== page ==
Government to close 3,000 post offices


The Government is preparing to close up to 3,000 urban post offices in the biggest programme of cutbacks the network has seen.

Ministers are putting the finishing touches to a compensation scheme for sub-postmasters that could see a third of the Post Office's 9,000 branches in town centres and suburbs disappear.

The Department of Trade and Industry, and Consignia, formerly known as the Post Office, said it was not possible to put an exact figure on the number of post offices at risk. But industry sources said 2,000 to 3,000 urban branches had been identified for closure.

One source said: "The DTI is sitting on the announcement because it hasn't decided how to handle the news and it is still working out the final cost of the programme."

Such a big closure programme is certain to cause an outcry because of the heavy reliance of pensioners on their local post office. But ministers intend to present the plan as an opportunity to create "bigger, better, brighter" outlets by concentrating increased investment on fewer branches.

Under the programme, sub-postmasters could receive £20,000 in compensation, leaving the Government with a bill of £60m. But ministers are acutely aware that the political cost could be much higher with the Tories certain to renew claims of public-service failure.

Consignia has 18,000 post office branches in total, and received £270m of government funding to support rural offices in particular. But this has not prevented about 480 branches closing in the last year.

Last year the network suffered a £53m loss and from spring next year it faces an even greater threat to its finances when the Government starts paying benefits directly into bank accounts rather than through post offices. This could deprive the network of a third of its annual £1.2bn income.

Opening an opposition day debate on the Post Office yesterday, John Whittingdale, the Conservative Trade and Industry spokesman, warned that the "sub-post office network is shrinking every year". He said: "There is a sword of Damocles hanging over the sub-post office network and it is this Government which is responsible for that." He said the state of the network was "another public service failure by Labour".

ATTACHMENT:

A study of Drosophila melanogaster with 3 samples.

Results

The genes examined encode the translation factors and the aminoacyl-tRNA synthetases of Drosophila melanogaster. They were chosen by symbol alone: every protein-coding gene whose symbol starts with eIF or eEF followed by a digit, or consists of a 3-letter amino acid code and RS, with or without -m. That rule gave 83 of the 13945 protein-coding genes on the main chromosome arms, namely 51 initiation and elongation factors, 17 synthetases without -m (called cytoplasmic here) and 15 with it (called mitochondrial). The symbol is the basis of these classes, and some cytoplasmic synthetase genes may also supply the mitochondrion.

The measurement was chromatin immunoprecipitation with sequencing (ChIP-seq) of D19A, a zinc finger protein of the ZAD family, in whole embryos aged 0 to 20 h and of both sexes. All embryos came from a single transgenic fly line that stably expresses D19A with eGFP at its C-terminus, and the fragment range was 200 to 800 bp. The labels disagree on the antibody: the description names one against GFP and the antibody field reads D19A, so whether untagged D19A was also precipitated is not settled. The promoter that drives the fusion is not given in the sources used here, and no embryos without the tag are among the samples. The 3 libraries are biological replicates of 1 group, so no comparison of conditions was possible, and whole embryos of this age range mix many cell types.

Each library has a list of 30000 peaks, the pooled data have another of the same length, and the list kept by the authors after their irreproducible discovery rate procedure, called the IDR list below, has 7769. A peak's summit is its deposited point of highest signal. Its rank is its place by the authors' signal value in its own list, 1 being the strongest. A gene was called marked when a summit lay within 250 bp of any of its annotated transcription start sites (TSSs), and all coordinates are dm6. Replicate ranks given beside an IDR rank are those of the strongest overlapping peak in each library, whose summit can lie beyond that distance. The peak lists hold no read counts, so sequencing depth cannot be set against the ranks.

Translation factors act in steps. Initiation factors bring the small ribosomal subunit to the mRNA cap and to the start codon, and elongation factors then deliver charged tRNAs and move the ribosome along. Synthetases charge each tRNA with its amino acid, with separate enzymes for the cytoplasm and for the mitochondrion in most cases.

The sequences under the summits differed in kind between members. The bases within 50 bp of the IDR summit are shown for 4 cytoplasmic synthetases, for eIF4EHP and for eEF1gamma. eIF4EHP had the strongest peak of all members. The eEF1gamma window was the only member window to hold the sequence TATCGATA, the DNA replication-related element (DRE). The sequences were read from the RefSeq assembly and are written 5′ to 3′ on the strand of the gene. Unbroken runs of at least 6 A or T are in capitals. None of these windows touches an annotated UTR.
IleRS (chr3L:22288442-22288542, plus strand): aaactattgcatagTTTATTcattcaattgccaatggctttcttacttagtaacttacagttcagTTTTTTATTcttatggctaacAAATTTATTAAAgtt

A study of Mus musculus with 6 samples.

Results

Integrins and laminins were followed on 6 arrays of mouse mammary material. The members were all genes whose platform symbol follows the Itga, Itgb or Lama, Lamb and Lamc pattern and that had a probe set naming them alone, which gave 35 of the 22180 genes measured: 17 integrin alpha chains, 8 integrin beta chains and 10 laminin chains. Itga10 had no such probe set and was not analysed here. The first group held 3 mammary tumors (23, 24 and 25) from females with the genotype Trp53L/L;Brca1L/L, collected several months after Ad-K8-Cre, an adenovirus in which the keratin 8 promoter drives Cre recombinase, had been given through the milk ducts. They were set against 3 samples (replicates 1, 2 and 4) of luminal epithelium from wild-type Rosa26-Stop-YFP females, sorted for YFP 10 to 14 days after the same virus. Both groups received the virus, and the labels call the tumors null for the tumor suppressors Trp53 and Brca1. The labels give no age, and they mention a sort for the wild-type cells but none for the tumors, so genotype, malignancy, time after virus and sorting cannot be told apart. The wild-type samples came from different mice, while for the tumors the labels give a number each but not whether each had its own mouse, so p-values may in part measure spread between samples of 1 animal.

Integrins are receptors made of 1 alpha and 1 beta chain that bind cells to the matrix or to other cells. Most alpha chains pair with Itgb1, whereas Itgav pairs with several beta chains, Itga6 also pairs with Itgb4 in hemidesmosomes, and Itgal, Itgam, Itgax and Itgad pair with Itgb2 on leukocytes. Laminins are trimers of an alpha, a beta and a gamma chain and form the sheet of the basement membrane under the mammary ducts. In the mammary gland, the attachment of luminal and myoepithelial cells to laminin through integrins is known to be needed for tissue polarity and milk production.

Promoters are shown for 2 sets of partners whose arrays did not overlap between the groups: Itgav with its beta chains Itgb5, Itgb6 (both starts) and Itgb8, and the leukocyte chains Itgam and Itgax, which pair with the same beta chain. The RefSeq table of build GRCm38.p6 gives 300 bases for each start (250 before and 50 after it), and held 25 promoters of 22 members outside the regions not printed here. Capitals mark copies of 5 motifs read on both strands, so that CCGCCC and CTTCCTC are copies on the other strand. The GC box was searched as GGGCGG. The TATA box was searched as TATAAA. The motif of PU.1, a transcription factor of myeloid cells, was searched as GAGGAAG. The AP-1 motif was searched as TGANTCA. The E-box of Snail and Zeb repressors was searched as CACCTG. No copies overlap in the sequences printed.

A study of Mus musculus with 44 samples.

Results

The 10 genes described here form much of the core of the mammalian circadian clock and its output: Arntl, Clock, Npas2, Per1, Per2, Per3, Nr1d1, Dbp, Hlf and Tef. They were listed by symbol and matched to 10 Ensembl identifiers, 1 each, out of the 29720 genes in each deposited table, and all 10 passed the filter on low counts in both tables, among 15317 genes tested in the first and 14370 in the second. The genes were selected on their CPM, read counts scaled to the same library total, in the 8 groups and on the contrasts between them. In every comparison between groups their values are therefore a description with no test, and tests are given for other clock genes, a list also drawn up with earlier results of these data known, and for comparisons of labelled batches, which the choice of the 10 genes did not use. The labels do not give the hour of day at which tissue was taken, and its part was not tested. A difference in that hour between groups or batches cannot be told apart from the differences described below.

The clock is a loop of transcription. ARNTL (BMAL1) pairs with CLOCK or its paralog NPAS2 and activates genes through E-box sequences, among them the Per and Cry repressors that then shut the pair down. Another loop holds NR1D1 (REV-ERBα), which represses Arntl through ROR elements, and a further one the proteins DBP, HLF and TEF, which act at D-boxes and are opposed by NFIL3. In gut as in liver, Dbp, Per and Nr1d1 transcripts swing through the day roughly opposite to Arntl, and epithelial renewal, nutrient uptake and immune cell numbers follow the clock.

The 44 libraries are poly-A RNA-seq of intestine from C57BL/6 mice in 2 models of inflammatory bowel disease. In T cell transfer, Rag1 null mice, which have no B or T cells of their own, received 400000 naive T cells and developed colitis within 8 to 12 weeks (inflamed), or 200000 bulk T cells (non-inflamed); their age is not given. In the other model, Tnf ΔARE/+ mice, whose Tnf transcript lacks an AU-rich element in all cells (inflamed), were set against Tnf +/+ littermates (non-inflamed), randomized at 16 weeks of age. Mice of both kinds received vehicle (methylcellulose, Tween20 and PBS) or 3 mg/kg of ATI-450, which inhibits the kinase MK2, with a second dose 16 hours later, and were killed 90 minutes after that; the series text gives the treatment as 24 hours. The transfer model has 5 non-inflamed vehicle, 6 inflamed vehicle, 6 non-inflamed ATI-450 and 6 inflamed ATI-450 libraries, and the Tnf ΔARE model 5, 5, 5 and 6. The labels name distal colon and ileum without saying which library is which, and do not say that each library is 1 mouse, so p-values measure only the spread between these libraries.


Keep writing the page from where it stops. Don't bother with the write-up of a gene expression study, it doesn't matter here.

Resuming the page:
A Consignia spokesman said it could not put a figure on the number of closures until the compensation scheme had been negotiated with the National Federation of Sub-Postmasters. "We will know then how big the rationalisation programme will be and what will remain of the urban network," the spokesman said.

A DTI spokesman said: "The cost of the scheme is yet to be determined and discussions are continuing between the Government and Post Office Limited."

Ministers hope that the new Universal Bank, which will be available through all post office branches, will encourage benefit claimants to continue to use the network. But a study by the Department of Welfare and Pensions found that only three million of the 16 million benefit claimants were likely to use the Universal Bank. The country's 9,000 rural post offices are protected under separate measures that place a duty on Consignia to prevent "avoidable closures" by providing financial assistance or combining the franchise with a local shop or garage.

But a report last year from the Cabinet Office accepted the need to reduce the urban network. It recommended that surviving post offices offer a wider range of services. Some 300 post offices in Leicestershire have been running a pilot since last year, offering internet access on touch-screen kiosks.

The threat to the urban network is the latest challenge facing Consignia. Tomorrow the industry regulator Postcomm will publish plans to license rival mail companies on long-term contracts.

The plans could open a third of the Royal Mail's monopoly to other carriers although it is understood ministers have been pressing the regulator to limit the degree of competition for fear of further destabilising Consignia, which made a loss of £270m in the first half of the current financial year.